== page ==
Online Technological Media in the Higher Education Classroom: An Exploratory Investigation of Varied Levels of Twitter Use

Online Technological Media in the Higher Education Classroom: An Exploratory Investigation of Varied Levels of Twitter Use

Eric Fife (School of Communication Studies, James Madison University, Harrisonburg, VA, USA), C. Leigh Nelson (School of Communication Studies, James Madison University, Harrisonburg, VA, USA) and Theresa B. Clarke (Department of Marketing, James Madison University, Harrisonburg, VA, USA)
Copyright: © 2014 |Pages: 11
DOI: 10.4018/ijopcd.2014040103

An exploratory quasi-experiment of college-level students was used to examine the difference in a variety of course indicators among instructors when they did not use Twitter as a supplement to their courses, when they moderately used Twitter, and when they used Twitter a great deal in their courses. When instructors used Twitter in their classes, perceived learning via technological mediums, perceived classroom community with regard to technological media, perceived pedagogical affect, perceived course effectiveness, perceived learning performance, and perceived perception of learning from Twitter were all greater than when they did not use Twitter in their courses. Overall results of this study recommend further research and a continued focus on the usage of Twitter in the higher education classroom.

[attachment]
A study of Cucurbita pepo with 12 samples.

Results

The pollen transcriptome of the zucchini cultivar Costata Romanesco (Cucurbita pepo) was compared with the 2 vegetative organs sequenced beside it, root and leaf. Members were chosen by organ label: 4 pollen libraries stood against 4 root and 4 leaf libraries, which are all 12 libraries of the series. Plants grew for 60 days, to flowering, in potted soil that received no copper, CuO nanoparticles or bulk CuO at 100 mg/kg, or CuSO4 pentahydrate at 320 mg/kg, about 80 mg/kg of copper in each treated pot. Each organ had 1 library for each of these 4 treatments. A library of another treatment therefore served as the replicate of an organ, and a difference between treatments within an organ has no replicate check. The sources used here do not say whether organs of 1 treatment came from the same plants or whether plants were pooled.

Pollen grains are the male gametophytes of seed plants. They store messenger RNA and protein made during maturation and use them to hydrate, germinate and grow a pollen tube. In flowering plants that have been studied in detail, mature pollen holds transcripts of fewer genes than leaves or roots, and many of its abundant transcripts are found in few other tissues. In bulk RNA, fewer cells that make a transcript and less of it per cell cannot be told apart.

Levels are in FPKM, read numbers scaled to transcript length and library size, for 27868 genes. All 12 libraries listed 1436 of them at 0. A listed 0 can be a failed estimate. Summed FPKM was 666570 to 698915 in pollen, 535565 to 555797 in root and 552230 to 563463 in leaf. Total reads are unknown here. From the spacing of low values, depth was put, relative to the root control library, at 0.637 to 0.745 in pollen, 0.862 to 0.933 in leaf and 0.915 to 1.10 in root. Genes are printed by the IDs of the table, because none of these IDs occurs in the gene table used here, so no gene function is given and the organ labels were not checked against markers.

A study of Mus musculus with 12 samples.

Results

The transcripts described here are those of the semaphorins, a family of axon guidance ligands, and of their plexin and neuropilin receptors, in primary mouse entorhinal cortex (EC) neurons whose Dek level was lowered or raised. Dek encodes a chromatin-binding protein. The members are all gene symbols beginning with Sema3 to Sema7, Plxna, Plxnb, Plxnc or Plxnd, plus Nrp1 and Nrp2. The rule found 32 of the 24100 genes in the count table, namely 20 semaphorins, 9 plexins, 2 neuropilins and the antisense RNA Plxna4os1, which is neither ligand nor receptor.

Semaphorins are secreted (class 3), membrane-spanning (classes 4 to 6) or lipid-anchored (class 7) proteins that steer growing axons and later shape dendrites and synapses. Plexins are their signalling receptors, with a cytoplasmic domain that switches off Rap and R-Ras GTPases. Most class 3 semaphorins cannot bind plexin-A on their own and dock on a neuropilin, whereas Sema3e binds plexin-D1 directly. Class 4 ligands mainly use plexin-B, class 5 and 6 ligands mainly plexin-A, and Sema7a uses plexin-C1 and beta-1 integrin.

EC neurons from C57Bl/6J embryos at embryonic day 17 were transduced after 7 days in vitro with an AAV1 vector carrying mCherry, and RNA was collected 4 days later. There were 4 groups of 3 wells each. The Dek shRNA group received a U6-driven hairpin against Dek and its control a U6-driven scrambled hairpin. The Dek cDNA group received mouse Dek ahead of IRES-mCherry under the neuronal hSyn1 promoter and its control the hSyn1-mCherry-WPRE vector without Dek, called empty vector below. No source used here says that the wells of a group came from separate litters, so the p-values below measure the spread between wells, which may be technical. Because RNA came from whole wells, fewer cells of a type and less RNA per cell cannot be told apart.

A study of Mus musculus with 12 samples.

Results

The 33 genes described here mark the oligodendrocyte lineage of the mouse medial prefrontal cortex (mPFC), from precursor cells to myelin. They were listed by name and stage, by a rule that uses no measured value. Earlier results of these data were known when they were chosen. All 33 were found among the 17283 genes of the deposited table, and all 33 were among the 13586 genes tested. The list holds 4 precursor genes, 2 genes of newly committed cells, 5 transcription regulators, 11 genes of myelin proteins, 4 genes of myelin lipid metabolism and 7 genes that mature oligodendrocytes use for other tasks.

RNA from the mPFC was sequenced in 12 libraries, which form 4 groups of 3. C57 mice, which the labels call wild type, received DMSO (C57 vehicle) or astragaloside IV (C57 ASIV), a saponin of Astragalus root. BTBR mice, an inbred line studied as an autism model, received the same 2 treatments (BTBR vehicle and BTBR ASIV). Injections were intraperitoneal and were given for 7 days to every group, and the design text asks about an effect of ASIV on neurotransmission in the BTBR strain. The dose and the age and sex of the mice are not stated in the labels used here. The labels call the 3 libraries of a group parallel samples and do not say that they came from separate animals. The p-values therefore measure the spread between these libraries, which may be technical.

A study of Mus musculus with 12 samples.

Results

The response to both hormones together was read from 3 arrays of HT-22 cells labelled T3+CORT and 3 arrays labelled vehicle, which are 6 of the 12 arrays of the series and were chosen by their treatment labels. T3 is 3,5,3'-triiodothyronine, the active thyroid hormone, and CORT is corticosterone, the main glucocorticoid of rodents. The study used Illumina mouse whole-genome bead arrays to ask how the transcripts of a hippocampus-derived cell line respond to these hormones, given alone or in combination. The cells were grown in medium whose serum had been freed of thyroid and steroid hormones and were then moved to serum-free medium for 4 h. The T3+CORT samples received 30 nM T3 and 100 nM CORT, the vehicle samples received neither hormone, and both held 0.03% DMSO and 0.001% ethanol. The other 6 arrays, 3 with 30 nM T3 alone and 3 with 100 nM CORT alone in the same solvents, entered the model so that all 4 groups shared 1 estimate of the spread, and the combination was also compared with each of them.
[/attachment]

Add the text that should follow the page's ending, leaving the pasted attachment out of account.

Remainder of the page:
In a recent study of the top technologies to incorporate into the classroom, Tomei (2011) recommends greater inclusion of online technologies by teachers whenever possible. Though scholars have conducted research into a variety of ways of incorporating technology into teaching, research into the use of social networking sites (SNS) has been very limited (Nemetz, Aiken, Cooney, & Pascal, 2012). Scholars have only recently begun to examine the use of online technologies such as blogging (Chang, Liu, & Chang 2011), mobile video blogging (Kim, 2011), and social bookmarking (Gray & Carter 2012) in an instructional context. Even less research has empirically examined the use of the microblogging SNS Twitter (Clarke & Nelson, 2012; Lowe & Laffey, 2011; Rinaldo, Tapp, & Laverie, 2011). This paper begins to address that gap in the literature by describing an exploratory study in the varying levels of use of Twitter by instructors in the college classroom, noting its impact on several dependent variables, and suggesting possible avenues of future research. Dagada and Chigona (2013) contend that the majority of academics do not fully understand the interrelationships between content, pedagogy, and technologies. Because online technologies carry potential to enrich professional growth (Isman, Gazi, & Aksal, 2012), the value of this study is greater insight into effective Web-based teaching methods for academic professionals interested in online learning.